ABU DHABI // Patients in the capital can now find a doctor, or check their doctor's credentials, at the click of a button. A new website launched by the Health Authority-Abu Dhabi (HAAD) also allows people to "rate" more than 5,000 doctors from one star to five stars. Patients can search for a doctor by name, or enter a location and speciality. The site displays the doctor's nationality, photograph, gender, experience and qualifications in Arabic and English.
Besides the "find a physician" function, www.haad.ae/adpd also includes a directory that lists conditions, symptoms and treatments. Visitors to the site, which appears to have a few kinks still to be worked out, can click on general symptoms such as loss of appetite, abdominal pain or nerve pain and find a list of possible ailments. Dr Jamal al Kaabi, the head of customer services and corporate communications at HAAD, said he hoped the increased transparency would improve health services.
"Providing reliable information empowers consumer choice," he said. "This creates better incentives at all levels, and motivates the entire system to provide better services." The public has the right to choose the doctor they find "suitable" for their needs, he added, saying that the doctor directory will ensure all licensed professionals are widely accessible. Zaid al Siksek, the chief executive of HAAD, said the new system would help improve "self-care" by providing "continuously updated information to the public".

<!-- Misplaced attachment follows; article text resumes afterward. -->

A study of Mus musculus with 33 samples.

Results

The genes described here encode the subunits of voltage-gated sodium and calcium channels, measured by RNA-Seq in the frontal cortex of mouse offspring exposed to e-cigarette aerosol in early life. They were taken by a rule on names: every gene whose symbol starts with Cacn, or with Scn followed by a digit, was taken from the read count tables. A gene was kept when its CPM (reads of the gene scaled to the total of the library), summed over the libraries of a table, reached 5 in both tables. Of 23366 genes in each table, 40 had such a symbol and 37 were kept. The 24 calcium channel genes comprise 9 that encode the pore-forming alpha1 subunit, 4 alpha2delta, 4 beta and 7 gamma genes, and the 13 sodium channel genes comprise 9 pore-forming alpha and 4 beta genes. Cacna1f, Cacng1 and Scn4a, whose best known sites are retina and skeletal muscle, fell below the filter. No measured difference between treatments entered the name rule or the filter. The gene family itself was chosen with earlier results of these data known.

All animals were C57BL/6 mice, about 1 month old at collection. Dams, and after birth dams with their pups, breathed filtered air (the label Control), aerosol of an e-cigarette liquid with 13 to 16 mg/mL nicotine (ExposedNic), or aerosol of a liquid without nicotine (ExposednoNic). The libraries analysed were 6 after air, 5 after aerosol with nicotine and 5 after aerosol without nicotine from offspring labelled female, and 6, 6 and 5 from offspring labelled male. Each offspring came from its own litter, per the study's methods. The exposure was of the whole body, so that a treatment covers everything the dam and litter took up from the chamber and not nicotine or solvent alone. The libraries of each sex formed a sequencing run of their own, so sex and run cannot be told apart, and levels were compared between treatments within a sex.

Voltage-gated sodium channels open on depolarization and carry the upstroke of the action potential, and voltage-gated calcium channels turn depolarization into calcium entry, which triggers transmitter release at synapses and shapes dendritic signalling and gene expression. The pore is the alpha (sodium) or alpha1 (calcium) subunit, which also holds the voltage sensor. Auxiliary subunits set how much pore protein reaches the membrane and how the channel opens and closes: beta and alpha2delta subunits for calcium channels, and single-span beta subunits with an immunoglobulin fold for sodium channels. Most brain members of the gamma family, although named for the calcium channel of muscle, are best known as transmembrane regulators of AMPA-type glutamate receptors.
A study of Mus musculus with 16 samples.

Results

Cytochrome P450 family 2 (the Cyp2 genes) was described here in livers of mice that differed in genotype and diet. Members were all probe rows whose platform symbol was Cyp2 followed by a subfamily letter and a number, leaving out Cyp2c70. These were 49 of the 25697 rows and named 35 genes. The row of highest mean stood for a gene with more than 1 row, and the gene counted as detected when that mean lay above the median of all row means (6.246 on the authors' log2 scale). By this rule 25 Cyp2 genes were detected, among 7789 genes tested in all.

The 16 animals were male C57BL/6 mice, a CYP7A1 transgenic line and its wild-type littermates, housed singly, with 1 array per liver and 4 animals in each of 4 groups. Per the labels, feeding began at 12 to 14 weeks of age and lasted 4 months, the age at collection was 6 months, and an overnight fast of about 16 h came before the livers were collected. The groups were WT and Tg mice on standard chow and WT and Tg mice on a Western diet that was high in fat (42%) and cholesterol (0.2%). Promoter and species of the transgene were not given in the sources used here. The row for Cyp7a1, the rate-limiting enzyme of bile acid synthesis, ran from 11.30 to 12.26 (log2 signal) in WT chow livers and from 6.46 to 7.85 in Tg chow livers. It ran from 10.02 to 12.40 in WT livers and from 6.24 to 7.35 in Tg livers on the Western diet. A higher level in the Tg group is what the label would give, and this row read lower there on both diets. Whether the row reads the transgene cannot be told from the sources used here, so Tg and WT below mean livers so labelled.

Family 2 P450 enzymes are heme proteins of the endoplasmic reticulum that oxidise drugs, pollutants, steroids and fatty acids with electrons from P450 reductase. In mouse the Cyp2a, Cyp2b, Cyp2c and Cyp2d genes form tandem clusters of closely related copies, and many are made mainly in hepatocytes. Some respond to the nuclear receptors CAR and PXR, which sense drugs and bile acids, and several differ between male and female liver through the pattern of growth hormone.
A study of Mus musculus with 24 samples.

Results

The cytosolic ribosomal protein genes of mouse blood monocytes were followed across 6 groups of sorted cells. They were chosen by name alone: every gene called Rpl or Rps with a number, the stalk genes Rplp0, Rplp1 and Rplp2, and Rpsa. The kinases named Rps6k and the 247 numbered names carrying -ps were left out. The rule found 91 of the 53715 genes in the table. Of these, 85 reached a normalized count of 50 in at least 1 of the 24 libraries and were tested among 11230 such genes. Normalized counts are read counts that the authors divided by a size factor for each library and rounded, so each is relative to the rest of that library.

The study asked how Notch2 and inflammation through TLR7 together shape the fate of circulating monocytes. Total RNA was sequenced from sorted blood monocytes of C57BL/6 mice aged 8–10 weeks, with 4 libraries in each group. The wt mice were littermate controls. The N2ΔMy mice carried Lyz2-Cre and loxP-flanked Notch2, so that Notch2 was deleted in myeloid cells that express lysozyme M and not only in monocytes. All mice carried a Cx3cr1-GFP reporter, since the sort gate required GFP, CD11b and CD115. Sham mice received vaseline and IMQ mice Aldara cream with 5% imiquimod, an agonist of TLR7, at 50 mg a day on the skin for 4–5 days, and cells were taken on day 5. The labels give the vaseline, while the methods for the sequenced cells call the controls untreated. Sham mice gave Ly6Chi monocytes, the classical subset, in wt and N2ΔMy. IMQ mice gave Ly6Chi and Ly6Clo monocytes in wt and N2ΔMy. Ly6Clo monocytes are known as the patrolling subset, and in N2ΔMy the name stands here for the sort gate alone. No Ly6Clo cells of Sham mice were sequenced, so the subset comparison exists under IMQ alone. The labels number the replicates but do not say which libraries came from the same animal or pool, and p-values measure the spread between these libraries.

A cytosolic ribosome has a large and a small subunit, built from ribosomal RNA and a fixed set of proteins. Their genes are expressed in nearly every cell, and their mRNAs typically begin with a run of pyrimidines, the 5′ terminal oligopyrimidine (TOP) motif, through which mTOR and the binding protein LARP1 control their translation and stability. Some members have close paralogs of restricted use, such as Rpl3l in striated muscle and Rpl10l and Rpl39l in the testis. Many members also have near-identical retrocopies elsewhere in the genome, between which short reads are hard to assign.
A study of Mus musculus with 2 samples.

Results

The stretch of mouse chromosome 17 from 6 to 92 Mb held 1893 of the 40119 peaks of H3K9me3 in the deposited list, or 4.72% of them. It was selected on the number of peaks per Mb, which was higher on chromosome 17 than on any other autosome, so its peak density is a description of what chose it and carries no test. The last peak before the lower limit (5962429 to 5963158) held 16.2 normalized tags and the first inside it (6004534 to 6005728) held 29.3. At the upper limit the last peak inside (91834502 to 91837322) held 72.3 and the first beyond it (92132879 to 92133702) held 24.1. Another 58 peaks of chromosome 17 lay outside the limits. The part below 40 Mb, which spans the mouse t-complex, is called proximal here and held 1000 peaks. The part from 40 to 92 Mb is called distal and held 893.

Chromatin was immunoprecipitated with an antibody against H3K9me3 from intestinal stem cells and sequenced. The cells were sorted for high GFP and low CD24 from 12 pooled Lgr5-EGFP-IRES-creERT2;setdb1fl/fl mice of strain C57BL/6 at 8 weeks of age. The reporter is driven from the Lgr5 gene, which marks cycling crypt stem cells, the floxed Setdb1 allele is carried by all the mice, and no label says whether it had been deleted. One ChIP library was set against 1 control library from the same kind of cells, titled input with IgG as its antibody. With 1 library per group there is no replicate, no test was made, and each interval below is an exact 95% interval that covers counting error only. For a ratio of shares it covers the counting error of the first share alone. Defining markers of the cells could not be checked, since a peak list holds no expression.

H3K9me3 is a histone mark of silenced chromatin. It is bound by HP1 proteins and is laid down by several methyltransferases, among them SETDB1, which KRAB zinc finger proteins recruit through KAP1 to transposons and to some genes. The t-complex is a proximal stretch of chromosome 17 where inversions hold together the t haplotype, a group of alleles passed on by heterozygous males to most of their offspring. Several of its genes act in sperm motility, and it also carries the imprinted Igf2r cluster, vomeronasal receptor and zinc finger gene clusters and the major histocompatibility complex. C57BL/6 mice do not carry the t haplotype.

According to HAAD, there are 5,142 doctors across the emirate. Mariam al Hosany, an Emirati who lives in Abu Dhabi and studies in Al Ain, said the website would be helpful. "I need to find a doctor for a surgery at the moment so it's very good that I can check they are qualified and licensed to do it," she said. "Especially with so many doctors we want to make sure they are qualified." Dr Waleed Hassen, the chief of urology at Tawam Hospital in Al Ain, said the website was a good point of call for patients but must be monitored effectively.
"Generally more information is a good thing," he said. "And when patients have more information they are more empowered. It will allow people to find what they are looking for." HAAD, he added, should monitor the ratings because it often takes just one or two views to skew a scoring system. "Sites like this in the States have shown that it is usually those who have had a bad experience that like to voice their opinion. As long as it is monitored in a fair way, it's good," he said.